Monday, February 01, 2010

A Very Broken Pension Get Granholm's Attention

Governor Granholm made the following recommendations that target the escalating cost of the MPSERS retirement system:

  • Employee contributions to the plan will increase by 3 percent for all employees except those in the MIP Plus program, whose contribution was increased in 2008. MIP Plus members’ contribution will increase by 0.9 percent.
  • Elimination of subsidized retiree vision and dental coverage for school employees retiring with an effective date after October 1, 2010. Retirees will be able to purchase this coverage for a monthly fee through the plan.
  • The retirement multiplier will be increased from 1.5 percent to 1.6 percent for employees who retire with an effective date between July 1 and September 1, 2010, which will be paid by the applicable school districts.
  • A new, more cost-effective retirement plan for new employees hired on or after October 1, 2010 will be created. New employees will participate in both a base defined benefit plan and a defined contribution plan.
  • Phased-in retirement will be allowed for up to three years for retiring employees, age 60 or older. They will be able to collect their DB plan retirement with a workload of no more than 20 hours per week for a previously full-time employee. This option is available to the employee at the discretion of the school districts.
  • A limited number of state employees will be hired to replace those who choose to retire under this plan. The replacement of public school employees will be at the discretion of the local district.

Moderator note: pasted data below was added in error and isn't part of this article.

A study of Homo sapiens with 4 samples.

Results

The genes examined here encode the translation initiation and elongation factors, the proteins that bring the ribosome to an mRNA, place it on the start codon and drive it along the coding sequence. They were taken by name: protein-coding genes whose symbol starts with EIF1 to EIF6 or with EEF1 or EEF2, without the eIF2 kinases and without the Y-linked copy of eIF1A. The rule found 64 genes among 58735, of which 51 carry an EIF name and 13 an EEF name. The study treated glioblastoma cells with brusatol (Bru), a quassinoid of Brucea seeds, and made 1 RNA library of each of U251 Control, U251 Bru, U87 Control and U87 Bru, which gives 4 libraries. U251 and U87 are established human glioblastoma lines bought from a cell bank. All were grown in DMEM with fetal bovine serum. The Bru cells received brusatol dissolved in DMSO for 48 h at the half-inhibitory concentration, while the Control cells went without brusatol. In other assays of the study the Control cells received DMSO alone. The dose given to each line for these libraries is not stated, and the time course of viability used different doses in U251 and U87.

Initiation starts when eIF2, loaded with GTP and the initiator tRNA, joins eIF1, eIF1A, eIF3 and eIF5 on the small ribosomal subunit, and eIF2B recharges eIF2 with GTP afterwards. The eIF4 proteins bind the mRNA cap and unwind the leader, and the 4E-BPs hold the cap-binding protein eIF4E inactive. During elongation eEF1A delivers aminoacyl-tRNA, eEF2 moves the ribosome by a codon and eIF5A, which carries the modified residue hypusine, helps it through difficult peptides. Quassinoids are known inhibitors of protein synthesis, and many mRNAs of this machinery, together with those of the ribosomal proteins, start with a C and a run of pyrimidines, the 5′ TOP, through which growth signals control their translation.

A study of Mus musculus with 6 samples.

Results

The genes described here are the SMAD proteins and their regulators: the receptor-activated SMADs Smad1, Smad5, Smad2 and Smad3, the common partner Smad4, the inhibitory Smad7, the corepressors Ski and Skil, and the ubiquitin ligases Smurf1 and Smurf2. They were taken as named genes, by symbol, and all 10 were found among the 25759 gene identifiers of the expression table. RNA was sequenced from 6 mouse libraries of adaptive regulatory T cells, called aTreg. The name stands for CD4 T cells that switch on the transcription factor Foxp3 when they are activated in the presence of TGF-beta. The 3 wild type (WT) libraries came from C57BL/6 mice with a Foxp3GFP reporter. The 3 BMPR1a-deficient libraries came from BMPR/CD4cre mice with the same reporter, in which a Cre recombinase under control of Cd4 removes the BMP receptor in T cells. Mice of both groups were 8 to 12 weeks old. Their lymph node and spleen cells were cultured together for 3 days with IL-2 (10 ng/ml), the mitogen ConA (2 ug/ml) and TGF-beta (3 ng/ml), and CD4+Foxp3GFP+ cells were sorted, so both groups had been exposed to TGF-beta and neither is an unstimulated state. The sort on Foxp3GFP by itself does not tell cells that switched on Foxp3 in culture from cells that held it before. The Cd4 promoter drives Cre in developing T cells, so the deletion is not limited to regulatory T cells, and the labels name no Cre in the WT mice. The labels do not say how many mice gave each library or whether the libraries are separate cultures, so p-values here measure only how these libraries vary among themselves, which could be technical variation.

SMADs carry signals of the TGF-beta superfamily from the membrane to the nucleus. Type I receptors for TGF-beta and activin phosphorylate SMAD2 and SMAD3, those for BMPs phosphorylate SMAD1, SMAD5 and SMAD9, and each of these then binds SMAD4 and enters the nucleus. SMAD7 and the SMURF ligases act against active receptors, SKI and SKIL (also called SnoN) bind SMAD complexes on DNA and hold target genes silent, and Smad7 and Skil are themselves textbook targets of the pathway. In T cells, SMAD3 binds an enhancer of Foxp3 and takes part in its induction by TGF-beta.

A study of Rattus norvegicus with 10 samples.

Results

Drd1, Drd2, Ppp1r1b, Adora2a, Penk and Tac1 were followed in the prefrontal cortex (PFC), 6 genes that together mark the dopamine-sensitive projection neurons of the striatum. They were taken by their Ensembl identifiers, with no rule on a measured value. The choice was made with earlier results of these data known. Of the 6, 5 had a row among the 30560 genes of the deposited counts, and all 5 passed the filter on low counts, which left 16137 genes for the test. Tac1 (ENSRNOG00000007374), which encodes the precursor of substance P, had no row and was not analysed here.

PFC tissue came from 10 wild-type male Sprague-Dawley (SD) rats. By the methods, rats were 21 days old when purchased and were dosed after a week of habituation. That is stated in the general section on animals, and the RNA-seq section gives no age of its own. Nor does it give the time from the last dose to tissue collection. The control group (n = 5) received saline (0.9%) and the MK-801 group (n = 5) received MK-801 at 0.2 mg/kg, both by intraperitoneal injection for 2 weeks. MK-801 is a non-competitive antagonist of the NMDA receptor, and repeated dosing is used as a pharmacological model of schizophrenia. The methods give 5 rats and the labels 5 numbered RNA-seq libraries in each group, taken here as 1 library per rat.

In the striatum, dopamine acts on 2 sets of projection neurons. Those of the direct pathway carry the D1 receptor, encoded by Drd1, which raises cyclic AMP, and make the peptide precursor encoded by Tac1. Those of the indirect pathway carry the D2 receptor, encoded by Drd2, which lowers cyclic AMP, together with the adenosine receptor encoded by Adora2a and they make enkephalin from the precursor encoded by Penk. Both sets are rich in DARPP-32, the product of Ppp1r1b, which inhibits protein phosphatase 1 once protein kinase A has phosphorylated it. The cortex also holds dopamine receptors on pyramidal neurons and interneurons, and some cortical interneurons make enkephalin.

None of this is happy news to MPSERS participants. These recommendations highlight a 3 year net loss of $17.9 billion in MPSERS and an unfunded liability which has grown to nearly $46 billion (using ‘09 assets, not '08 as presented in financial statements) . What surprises me is that the actuaries work letter is focused on September 30, 2008. Why not 2009? Between ‘08 and ‘09 the system lost $5.3 billion (on top of the $12.6 billion loss the prior year), why no mention of this their letter. I suppose it’s because of the “5 year smoothing” which sought to mitigate the impact of the revaluation undertaken in 2006. Unfortunately that was the high point and it’s been down hill from there. I cannot imagine how the actuaries could have expressed confidence in the system given the billions in investment losses, the shrinking base of new employees, the expanding base of retirees, and the increasingly unsustainable tax imposed on school districts across the state. But then that’s always been the bailout position — that the system could withstand anything because it had an unlimited ability to extract funds out of the school aid fund. But a shrinking school aid fund, coupled with $17.9 billion in investment losses will challenge those assumptions. Next year the MPSERS contribution rate is expected to exceed 18% per payroll dollar, that is a tax which is taken out of local school operating budgets, that rate should be higher because "smoothing" hides an funded ratio that is closer to 63% (not the 83.6% reported). That added pressure is on top of the $165 per student cut, the additional $122 per student 20j cut in Birmingham, and the projected $268 per student cut in 2010/2011 which is actually a $555 per student cut ($165+$122+$268) for that year.


The Governors proposal reflects a new reality which has imposed itself on Michigan’s education system. Without the systemic changes reflected in the Governors proposal the long term pain would only compound, and more promises would be broken. What no one has quantified is whether the changes will be enough to stabilize a very troubled system.